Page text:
You know, I think that there are things that really stir the memories. I feel sorry for the few children (even in my day) who grew up without television, because one has an immediate link to people of the same age as oneself. Another childhood memory that seems to hit a chord is school dinners, and that even links the generations as we can compare and contrast.
My sister started school in the year I was born (in Weymouth), which was the year that rationing finally came to an end over here. Yes, it took 8 years from winning the war for the government to relinquish that bit of control. Maybe that’s why, after so many years of making do on very little, the meals at her school were so dreadful, or so she assures me. Apparently, it got a whole lot better when, 5 years later, she started at the convent school in Lowestoft and was pleasantly surprised by the better food. I, on the other hand, had been dismayed.
However, it was not the quality of the cuisine that upset me. It was communal eating. We ate in the same dining room as the older girls, but earlier. It was 2 large rooms knocked into 1 – I’m trying to remember how many tables, but I suppose 100-150 people could all dine together at tables of 8. The serving area ran along one side of one of the rooms and then there was a smaller room where the puddings were served and we also took our empty plates.
I was, as I’ve said before, an exceptionally shy child. I was also very small. I wore the smallest uniform in the shop, but it was still taken up and in and still hung on me. I had been dressed up and taken to school twice (my mother got the day wrong) and taken down into a basement classroom – there was no such thing as playschool in those days and, as my sister was still in Weymouth for that term (we have no idea why) I was all on my own. Then I was taken to this huge room, a plate of food was given to me, cutlery put in my hands (what, no laid table? No napkin?) and I was expected to eat. I didn’t. I didn’t cry, I just sat there.
A few days later, my mother found out that these kind nuns were taking me to a room in the convent itself and giving me milk and chocolate biscuits. Now, I had no problem with that at all, and managed to eat quite nicely, but she decreed that I should eat with everyone else. So I sat there again. After quite a long time, a kind older girl came to help me and I remember her persuading me to eat – “open wide – down the red lane!” and I did. After a few days, I must have got used to it enough to just get on with it. I’ve no idea who she was or what she thought when she turned up for lunch one day and I wasn’t there – was she disappointed or relieved?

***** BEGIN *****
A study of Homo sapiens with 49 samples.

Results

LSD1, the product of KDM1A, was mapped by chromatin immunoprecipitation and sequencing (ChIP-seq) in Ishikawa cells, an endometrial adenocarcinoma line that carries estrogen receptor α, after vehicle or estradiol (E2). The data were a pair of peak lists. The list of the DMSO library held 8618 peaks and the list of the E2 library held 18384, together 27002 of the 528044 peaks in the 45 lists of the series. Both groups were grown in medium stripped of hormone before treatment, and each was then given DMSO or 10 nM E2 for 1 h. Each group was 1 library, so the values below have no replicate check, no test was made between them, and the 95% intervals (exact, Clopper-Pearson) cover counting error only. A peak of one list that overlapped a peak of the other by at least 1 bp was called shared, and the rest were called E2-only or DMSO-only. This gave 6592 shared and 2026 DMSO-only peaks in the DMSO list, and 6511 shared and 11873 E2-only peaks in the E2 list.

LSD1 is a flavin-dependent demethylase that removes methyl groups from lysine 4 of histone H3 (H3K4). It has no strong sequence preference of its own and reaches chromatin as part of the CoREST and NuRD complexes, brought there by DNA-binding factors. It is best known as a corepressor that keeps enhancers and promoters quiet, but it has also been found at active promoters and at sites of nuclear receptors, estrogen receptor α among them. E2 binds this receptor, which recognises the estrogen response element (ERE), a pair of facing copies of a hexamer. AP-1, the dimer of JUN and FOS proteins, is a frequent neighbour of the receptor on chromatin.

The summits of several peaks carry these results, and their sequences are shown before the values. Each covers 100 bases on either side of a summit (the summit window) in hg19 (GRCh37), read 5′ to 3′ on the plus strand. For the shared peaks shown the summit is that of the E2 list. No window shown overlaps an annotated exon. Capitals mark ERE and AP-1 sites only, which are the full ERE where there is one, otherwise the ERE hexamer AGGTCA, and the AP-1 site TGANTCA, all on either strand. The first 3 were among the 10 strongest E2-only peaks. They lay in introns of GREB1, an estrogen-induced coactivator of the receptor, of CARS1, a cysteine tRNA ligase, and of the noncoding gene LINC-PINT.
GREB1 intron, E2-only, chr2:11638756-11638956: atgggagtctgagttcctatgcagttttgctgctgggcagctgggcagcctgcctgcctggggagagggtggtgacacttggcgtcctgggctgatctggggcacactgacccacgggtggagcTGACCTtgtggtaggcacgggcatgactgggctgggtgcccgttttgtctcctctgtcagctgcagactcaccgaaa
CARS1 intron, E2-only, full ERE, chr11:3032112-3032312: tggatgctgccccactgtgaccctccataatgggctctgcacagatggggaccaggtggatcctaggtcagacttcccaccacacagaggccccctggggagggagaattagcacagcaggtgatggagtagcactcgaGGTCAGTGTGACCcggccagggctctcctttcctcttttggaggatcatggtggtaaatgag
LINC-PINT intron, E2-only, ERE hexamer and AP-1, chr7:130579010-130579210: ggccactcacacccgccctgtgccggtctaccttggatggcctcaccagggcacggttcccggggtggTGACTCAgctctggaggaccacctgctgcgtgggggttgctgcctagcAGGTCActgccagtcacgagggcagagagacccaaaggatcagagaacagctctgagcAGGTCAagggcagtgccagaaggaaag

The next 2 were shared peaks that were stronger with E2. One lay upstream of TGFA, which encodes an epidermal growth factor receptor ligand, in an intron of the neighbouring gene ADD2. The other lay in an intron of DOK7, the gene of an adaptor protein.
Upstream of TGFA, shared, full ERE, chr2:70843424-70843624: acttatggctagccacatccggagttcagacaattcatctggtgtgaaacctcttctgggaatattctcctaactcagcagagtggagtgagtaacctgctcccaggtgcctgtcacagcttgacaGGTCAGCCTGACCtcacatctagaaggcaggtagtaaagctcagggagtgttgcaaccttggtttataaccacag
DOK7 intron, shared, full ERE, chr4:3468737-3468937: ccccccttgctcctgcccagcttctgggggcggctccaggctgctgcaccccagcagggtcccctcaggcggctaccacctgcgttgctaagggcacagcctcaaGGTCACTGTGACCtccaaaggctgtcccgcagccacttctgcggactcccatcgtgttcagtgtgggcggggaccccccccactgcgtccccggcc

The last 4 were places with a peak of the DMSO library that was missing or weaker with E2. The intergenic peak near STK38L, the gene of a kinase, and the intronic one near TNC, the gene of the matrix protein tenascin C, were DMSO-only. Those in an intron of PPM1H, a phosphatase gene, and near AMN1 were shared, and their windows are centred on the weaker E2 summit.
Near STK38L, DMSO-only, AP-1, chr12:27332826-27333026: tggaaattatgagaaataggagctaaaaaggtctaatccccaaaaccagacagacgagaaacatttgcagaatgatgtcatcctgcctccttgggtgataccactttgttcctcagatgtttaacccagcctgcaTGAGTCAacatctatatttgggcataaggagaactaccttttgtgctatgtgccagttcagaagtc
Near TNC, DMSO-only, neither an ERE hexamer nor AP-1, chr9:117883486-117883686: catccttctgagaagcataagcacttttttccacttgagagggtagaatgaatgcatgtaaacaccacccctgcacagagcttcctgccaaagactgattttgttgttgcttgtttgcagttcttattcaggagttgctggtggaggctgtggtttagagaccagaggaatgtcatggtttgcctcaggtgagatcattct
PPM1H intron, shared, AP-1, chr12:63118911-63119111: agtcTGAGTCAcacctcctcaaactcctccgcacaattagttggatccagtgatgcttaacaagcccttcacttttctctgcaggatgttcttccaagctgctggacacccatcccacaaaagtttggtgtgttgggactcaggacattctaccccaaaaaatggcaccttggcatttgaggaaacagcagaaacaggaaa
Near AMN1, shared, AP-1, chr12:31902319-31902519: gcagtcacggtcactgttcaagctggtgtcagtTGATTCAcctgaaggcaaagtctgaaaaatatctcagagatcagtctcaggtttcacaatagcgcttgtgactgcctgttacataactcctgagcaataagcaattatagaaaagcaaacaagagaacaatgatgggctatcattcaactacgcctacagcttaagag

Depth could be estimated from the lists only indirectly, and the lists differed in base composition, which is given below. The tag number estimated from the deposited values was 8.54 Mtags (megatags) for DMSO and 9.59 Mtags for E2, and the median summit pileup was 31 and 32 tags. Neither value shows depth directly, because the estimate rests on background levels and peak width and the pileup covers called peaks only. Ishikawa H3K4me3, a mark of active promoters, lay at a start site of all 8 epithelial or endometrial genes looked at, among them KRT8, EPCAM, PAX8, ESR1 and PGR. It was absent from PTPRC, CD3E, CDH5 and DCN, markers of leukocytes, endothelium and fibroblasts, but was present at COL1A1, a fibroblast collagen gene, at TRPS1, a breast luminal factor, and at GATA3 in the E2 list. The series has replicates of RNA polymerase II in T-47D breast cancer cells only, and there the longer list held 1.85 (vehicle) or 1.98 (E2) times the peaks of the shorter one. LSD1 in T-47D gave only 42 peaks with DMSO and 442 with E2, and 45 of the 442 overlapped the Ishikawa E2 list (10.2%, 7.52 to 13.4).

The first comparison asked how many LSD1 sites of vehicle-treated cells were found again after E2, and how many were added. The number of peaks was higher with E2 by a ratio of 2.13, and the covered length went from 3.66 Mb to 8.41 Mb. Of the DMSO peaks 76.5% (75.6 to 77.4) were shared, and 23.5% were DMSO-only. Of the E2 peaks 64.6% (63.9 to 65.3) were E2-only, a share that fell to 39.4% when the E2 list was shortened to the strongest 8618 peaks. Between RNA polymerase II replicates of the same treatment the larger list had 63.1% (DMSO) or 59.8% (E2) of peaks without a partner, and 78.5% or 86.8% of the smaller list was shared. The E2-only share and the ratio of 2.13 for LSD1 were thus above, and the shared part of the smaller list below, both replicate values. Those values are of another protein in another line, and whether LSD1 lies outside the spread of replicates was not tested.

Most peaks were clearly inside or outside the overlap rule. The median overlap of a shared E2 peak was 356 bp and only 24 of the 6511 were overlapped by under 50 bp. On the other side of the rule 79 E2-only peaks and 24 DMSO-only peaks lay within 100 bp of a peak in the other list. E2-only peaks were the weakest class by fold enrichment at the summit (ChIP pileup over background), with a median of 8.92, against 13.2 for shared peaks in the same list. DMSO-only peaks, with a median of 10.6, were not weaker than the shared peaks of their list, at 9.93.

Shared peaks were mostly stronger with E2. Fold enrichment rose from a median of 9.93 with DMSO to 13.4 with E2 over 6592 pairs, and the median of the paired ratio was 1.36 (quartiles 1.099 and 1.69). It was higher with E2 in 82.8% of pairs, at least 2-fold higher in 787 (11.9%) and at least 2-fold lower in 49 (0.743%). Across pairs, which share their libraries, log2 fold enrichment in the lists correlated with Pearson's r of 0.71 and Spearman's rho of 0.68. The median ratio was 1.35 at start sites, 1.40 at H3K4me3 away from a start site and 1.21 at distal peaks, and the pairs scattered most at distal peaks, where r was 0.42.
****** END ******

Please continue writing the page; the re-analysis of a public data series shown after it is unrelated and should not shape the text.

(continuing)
Now that I’m reminded, I do remember the Spam, which I didn’t mind. The salad wasn’t exactly inspiring, but it was fine. I remember diced mixed vegetables, carrots, cabbage and peas. When my sister was little, apparently she asked our mother once if we could have “nice brown cabbage, like we have at school”. Later, with more refined taste buds, she described it as “good food spoiled”. I also remember gravy served from a jug. It was all right – made with gravy browning of course (we used sherry, meat juices and vegetable cooking water for our gravy), but at least it moved around on the plate.* Wink says that we had fish cakes – yes, of course we did. They were quite peppery and not very fishy. She says that there was a monthly Friday rota, with fishcakes, fish fingers, the nasty cheese and potato pie and the hard yet watery scrambled eggs. I never noticed the rota part of it. I’m sure we didn’t have macaroni cheese, which other people have mentioned; I don’t remember pasta ever being served and the only rice we had was in pudding and there were various milk puddings; sago, tapioca, semolina. Each bowlful had either a blob of jam or of dark brown sugar.
It was after my boycott of the school meals that chips were introduced to the menu. My timing was a bit off there. I think I used to eat hard-boiled eggs, mostly, and orange peel. My friend Lynn used to take a satsuma every day in season and her mother washed it so that I could eat the peel. I ate apples, core and all. I had a small appetite but I wasn’t wasteful.
I haven’t even got on to my children’s school meals, which were far worse than mine.
*Thinking of Tony Hancock – “I used to think my mother was a bad cook, but at least her gravy moved around on the plate. Yours just lies there and sets.” Hattie Jacques, with dignity – “That’s the goodness in it!” TH – “That’s the half a pound of flour you put in it.” From memory, don’t quote me. I think the episode was called ‘A Quiet Sunday Afternoon at Home’.
Sandy has been kind enough to give me an award. I will have to see if I can import it. I had another a while back, but I couldn’t so it was never handed on. I owe someone an apology for that, because it wasn’t that it was unappreciated.